Wondrous Words Wednesday

By Lisa. Filed in Wondrous Words  |  

This week, my words are from Something Red by Douglas Nicholas. Doesn’t it always seem that medieval books give you a whole host of new words — words that you probably won’t get a chance to use in casual conversation. Here’s my crop from Something Red so far:

1. Pintle: A pin or a bolt on which another part pivots.

“Hob led the ox inside, and closed the stall door on its creaking wooden pintles.”

2. Cotehardie:  14th to 16th-century unisex garment tailored to fit the torso and arms, usually with a row of buttons down the front as well as down each fitted sleeve from the elbow to the wrist.

“She had donned a plain white woolen cotehardie and had pushed the snug sleeves up her arms a little way to keep them free of her food.”

3. Escaffignons: a small light shoe made from rich material.

“Hob had a glimpse of silken escaffignons, Heaven blue, on tiny feet, peeping from beneath her robe.”

4. Dorter: a dormitory or residence hall.

“Dimly, he remembered stumbling up with Jack Brown to the men’s dorter.”

5. Pelice: a fur-lined garment

“The door opened and Doctor Vytautas, swathed in a generous linen night-robe and a sable-lined pelice, came out onto the little black platform.”

I was not able to find a good definition for pelice. The closest I could find in a couple of medieval clothing references, was pelican, a fur-lined garment worn between the chemise and the cote. Seemed pretty close to me.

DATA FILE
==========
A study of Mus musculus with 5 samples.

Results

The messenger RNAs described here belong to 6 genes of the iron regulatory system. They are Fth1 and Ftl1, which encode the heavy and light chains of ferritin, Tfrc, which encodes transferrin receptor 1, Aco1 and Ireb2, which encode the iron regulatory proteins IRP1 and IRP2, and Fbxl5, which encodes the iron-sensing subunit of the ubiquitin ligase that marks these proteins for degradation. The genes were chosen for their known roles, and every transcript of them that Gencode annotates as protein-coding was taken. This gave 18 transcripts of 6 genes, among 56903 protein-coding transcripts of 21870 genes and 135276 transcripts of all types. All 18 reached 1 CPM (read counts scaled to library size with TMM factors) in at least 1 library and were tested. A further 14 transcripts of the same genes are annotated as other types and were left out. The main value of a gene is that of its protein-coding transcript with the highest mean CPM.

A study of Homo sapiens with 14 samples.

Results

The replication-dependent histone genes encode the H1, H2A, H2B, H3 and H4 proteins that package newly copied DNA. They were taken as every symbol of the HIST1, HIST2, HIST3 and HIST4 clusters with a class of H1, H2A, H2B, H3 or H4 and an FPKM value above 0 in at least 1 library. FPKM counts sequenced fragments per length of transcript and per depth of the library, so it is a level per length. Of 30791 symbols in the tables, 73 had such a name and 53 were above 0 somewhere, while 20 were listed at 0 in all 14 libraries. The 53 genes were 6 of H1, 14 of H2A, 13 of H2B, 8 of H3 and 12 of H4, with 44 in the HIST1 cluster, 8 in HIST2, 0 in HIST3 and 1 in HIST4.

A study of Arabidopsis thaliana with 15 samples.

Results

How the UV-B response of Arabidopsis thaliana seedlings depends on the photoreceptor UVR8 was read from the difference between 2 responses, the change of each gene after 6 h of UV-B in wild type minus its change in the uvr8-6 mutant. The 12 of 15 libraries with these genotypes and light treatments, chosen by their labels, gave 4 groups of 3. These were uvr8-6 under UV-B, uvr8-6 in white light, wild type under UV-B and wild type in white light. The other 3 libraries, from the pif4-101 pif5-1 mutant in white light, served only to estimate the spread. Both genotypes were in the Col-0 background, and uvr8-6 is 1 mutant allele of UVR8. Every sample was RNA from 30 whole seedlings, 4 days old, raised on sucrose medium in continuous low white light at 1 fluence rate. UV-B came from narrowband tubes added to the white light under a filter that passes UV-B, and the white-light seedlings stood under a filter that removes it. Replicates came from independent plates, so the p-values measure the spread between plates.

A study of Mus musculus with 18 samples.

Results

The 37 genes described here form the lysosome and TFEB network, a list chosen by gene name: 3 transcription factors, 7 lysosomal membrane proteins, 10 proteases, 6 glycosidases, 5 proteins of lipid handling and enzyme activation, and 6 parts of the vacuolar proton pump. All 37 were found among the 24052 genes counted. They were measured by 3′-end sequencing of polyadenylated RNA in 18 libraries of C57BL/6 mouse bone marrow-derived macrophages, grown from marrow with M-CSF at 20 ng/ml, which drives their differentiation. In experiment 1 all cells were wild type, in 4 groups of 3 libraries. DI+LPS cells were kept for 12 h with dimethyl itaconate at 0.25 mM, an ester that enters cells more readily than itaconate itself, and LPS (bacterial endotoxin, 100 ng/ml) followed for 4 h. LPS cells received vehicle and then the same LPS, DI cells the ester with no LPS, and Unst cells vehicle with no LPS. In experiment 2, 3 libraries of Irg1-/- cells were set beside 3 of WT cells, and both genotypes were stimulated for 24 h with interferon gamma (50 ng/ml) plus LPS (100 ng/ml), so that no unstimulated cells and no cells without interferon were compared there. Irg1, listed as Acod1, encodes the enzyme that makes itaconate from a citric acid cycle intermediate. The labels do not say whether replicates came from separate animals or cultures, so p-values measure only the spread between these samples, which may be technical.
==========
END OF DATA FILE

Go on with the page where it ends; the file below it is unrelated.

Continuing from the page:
6. Pawl: A hinged or pivoted device adapted to fit into a notch of a ratchet wheel to impart forward motion or prevent backward motion.

“Hob heard the gates close behind them, and a moment later the clack clack of the pawls: just ahead, the portcullis slid sideways into the rock.”

So, medieval clothes and architecture. I don’t think I’ll be able to slip them into cocktail party conversation, but they are still fun to know.


  1. Comment by bermudaonion(Kathy):

    Those are all new to me. I’m not sure I’ll have much use for most of them, but they are interesting. I wish Vance was still in college so I could call his dorm a dorter!

  2. Comment by sim@chapter1-take1:

    Oh how I wish I had a pair of ‘escaffignons’! So that’s what those delicious little shoes are called!

  3. Comment by LadyInRead (vidyatiru):

    The only one I had heard before and actually knew the meaning too was pelice from this list..
    I agree that these books too give a whole list of words we do not use normally, but it is fun:)

  4. Comment by Margot:

    It looks like your medieval book gave you a gold mine of new words. There is one I can use today, however. Its pintle. My husband made a pintle out of wood to close the door on our chicken coop. It broke the other day and I just paused and told him he was going to have to make a new pintle. The look on his face was great – total confusion. Thanks

  5. Comment by Suko:

    Escaffignons is a wonderful word! I enjoyed reading about your new word today. :)

  6. Comment by Louise:

    What a great group of words, thanks for sharing them with us. Pelice has a lovely sound to it, but escaffignons is fabulous.

  7. Comment by Lisa:

    Escaffignons reminds me escargot, and those shoes remind me of pretty little shells for your feet!